Fisherman uses experience, knowledge for ultimate day on the river

By Alexis Mansanarez

Staff Writer

Long-time fishermen John and Ray have set out on the Columbia River many times before.

When it’s just the two of them, they often come up short or even leave empty-handed. But with the help of a local guide, Wednesday evening each fisherman took home a gallon Ziploc bag full of walleye fillets — cut and cleaned by the expert himself.

Kimo Gabriel is in his 11th year as a guide. His business, Gabriel Guides, has taken mostly novice anglers as far as 40 miles out on the Columbia River in search of walleye.

After he relocated to Hermiston from Selah, just north of Yakima, Washington, Gabriel began the guide service after success on the tournament fishing circuit. He has used Gabriel Guides to supplement his income as a science teacher at Sandstone Middle School in Hermiston, a 32-year career from which he is retiring from this year.

“The success in the guiding made it easier to step away,” Gabriel said. “This is a pretty good supplementary income, and it’s nice being your own boss. It’s nice, you know, where I can’t pick and chose who and what I deal with at school, I can pick and chose here.”

Until now, Gabriel’s choices were limited. He would come out most weekends and a few months in the summer. When it would get closer to the start of school, Gabriel had to prepare a classroom and come fall, he would hardly touch the river.

“Usually around June it starts to pick up and in July I fish every day,” Gabriel said. “In August, I fish half of August or more and then school starts. It feels like I really have to jam a bunch of fishing into a short period of time.”

Now that Gabriel’s teaching will move from the classroom to strictly the river, he’s looking forward to growing the business, which has hosted clients from as far as Montana.

What attracts even experienced anglers is the abundance of walleye and the opportunity to even catch salmon, steelhead and sturgeon, but even with the increasing number of guides — experience and knowledge show on the river.

“The fish just aren’t from bank to bank,” Gabriel said. “They are in real specific spots and sometimes it’s just a matter of 10 or 15, 20 feet — moving one way or the other makes all the difference.”

Gabriel is very familiar with the Columbia River. Even before making Eastern Oregon his home, him and his father would make the nearly 200 mile round trip to the 1,243 mile long river. Gabriel’s earliest memories where fishing for catfish on the weekend, but his dad remembers another time when Gabriel was just three years old.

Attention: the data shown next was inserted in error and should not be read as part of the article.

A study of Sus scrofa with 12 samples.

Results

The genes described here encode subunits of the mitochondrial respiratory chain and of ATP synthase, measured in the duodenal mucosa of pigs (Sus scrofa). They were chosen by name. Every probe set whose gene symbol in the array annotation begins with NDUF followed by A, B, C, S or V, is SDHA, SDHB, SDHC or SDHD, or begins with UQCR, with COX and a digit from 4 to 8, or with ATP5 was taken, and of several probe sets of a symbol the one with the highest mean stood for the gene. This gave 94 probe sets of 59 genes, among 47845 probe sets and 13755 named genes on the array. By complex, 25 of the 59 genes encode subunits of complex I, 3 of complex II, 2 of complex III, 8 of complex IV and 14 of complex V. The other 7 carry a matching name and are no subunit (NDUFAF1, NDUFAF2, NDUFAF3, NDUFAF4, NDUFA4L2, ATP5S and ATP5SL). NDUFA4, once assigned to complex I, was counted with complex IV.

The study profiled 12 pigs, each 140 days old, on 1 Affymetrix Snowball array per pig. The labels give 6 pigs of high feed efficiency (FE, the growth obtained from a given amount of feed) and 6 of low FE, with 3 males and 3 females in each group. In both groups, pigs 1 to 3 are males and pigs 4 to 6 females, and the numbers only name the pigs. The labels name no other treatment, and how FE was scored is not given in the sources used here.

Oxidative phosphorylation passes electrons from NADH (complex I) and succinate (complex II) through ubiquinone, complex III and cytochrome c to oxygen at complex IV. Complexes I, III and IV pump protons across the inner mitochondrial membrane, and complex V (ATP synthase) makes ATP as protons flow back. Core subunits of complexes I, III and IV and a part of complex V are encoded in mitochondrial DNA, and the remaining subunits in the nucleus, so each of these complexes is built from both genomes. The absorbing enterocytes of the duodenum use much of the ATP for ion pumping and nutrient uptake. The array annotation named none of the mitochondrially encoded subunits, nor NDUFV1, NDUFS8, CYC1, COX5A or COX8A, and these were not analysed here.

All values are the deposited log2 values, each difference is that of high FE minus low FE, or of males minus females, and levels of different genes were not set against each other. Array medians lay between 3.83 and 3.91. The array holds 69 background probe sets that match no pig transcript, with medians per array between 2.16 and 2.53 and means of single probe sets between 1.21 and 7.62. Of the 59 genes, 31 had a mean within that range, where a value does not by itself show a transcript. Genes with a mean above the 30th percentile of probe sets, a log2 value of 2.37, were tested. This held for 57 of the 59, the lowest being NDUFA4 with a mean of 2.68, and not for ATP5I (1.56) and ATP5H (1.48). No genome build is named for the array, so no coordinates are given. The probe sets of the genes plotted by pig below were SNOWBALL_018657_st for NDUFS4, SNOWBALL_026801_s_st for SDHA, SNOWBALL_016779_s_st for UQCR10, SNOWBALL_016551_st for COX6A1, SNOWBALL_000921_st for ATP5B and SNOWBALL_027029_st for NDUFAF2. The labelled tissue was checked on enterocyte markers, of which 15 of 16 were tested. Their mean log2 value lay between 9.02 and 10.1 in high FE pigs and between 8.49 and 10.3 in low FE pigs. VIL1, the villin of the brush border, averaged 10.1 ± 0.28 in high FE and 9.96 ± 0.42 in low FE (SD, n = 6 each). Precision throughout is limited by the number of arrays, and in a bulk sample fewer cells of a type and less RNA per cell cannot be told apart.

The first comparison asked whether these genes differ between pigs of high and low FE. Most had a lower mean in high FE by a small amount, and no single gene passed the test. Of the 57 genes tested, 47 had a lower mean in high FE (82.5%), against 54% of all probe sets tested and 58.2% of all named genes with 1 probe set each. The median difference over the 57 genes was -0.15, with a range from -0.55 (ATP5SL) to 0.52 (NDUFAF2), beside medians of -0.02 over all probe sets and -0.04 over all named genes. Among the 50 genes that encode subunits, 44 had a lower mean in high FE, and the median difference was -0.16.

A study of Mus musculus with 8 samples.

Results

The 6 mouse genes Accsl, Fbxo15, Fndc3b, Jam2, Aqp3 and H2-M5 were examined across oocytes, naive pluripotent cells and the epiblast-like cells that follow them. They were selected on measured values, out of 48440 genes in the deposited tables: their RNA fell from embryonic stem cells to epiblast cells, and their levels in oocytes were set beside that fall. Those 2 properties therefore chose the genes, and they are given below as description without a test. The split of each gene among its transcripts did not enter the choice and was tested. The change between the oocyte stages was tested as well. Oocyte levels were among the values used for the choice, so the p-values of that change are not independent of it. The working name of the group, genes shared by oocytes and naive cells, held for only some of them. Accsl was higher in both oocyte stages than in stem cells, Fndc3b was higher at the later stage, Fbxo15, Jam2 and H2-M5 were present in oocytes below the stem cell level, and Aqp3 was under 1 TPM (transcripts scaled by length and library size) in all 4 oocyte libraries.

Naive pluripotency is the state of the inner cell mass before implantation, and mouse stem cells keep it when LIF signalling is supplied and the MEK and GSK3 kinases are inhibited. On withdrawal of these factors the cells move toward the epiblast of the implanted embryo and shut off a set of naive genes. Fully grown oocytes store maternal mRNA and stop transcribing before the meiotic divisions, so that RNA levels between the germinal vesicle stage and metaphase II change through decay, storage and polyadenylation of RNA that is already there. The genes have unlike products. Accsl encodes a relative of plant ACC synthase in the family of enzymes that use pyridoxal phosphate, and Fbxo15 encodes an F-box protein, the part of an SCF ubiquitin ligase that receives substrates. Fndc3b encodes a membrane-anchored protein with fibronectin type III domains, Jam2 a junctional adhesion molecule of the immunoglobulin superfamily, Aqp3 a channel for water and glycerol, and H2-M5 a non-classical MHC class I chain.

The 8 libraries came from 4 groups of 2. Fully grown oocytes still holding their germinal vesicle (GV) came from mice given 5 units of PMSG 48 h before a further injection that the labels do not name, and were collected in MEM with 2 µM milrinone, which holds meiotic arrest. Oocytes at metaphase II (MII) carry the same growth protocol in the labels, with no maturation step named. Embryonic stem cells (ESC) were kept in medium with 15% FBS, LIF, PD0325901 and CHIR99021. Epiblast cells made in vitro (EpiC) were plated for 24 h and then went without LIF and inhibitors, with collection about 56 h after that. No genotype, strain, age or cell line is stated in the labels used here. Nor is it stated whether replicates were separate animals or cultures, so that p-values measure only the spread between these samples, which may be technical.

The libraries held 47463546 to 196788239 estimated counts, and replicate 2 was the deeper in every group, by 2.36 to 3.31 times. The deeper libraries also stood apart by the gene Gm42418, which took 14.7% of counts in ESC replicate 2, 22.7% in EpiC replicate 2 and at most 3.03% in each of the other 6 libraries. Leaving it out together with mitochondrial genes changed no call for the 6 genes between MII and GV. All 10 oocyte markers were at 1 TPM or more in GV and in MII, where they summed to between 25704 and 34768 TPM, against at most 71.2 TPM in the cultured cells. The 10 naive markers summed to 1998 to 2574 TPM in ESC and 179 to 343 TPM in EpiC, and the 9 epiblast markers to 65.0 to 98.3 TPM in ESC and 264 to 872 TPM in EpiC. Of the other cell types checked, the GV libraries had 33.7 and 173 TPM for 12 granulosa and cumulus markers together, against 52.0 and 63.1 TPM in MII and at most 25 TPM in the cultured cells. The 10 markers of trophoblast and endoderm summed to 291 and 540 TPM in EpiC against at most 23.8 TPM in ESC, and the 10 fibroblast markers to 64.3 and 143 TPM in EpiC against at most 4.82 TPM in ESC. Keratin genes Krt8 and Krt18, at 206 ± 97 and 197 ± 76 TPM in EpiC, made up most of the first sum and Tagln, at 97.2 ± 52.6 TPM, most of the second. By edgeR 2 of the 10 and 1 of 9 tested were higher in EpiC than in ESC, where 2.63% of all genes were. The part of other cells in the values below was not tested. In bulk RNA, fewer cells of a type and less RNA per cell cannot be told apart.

“It seems like every time I talk with my dad, he brings it up,” he said. “My dad is 96 and he likes to reminisce about fishing. He keeps reminding me that when I was about three years old, we were fishing below the Wickiup Reservoir over in Central Oregon and he says that he put some kind of bait on the line for me, I threw it out — and he was fishing his own line — and said I started yelling to him, ‘Daddy, daddy, daddy,’ as a six-pound brown trout was dragging me into the river.”

Now Gabriel commands the water, bringing in haul after haul with his clients. Each person is limited to 10 fish apiece, which is a limit that is often exceeded causing anglers to release their catch.

On Wednesday, the three-man crew reached their limit fairly early and decided to take the water to fulfill their allotted time.

“It’s an eight-hour day unless people get to the point where they are like, ‘Man, this is too hot,’ which happens a lot, or they catch what I consider their limit and sometimes they are happy with that and want to come in,” Gabriel said.

The early wake up call, around 6 or 7 a.m., is followed by a usually unpredictable day on the water. Gabriel always starts at the Boardman Marina and will continue down the river “until somethings happens,” as he says.

“Sometimes it doesn’t happen until I get down to Crow Butte,” he added. “Today they were biting really well real close, we didn’t have to go anywhere really.”

Location, current, water temperature and food are key in Gabriel keeping clients happy, and at $200 a pop, they are mostly paying for the experience.

“It’s getting real competitive and if you don’t know what you’re doing, it’s going to show. It’s quite a learning curve,” he said. “If you know what to look for in a current, you can find the fish, I think. Once you do it for so long it starts to become second nature but then again, I know what I’m looking for.”

If interested in Gabriels Guide service, he can be reached on his cell (541) 571-4343.